Apple will be thanking the Korean police for seizing and preventing the sale of counterfeit accessories for its products worth 1 billion won ($892,000), by presenting a plaque to investigators who apprehended local criminals behind the trade.

Imitation Apple accessories seized by police in the UK in 2017

Imitation Apple accessories seized by police in the UK in 2017


Senior regional director for Apple's Asia-Pacific operations Donald Shruhan will reportedly visit the Bucheon Sosa police station in Bucheon, Gyeonggi, on Friday to present the plaque to the officers involved in the regional crackdown.

The criminals were locally distributing fake Apple charing cables and earphones, reports the Korea Herald. The knock-off products are said to have been imported from China, with police still working to trace how the goods entered the country.

The apprehended distributors are also under investigation on suspicions of fraud and trademark violation.

Shruhan is currently leading Apple's anti-counterfeiting operations in China, and previously worked with Pfizer to crack down on counterfeit Viagra sales and production.

Counterfeit products remain an issue for Apple and other device vendors, with consumers tricked into buying the fake versions or tempted by the cheaper knock-offs, as they can potentially be dangerous and cause harm to devices or human life due to not undergoing the same safety checks as real products.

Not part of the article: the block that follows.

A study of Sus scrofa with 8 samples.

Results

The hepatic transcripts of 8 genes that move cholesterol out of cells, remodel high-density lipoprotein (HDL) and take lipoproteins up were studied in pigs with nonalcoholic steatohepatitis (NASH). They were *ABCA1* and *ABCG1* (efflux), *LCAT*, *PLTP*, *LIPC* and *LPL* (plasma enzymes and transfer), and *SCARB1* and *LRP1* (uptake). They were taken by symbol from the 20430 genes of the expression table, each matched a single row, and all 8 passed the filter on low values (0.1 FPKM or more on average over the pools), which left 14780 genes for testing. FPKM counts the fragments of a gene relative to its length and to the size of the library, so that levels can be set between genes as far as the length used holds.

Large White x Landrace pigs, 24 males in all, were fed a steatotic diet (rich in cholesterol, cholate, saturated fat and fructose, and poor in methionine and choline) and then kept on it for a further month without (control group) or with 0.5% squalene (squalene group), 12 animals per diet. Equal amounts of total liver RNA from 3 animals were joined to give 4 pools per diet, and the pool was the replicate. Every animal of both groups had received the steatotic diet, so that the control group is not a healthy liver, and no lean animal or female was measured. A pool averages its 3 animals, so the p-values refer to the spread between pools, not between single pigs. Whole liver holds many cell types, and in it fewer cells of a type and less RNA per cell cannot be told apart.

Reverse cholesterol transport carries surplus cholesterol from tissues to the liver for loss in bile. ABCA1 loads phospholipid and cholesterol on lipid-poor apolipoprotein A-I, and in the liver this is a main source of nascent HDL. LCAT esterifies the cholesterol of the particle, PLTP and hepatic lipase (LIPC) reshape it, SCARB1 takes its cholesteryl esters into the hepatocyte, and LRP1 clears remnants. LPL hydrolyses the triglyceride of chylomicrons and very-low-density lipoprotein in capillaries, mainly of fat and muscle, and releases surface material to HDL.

The sale of fake goods can be highly profitable to criminals taking part in such schemes. In February 2018, one Chinese national living in the United States pleaded guilty to conspiracy and trafficking of counterfeit Apple products, which reportedly earned him more than $1.1 million. A six-month investigation and a police raid on a warehouse in London in August 2017 uncovered a collection of fake Apple products worth an estimated $1.69 million.

Sometimes the crimes relating to Apple products are not quite as direct. Apple has spent five years combatting iPhone repair fraud in China, where components were stolen from working iPhones that are then submitted for warranty repairs, an issue that reportedly cost the company billions of dollars.

It is possible the safety concerns of fake accessories could be alleviated in the future, as the introduction of the USB Type-C Authentication specification could allow mobile devices to detect genuine cables and chargers, allowing only official and certified versions to actually function.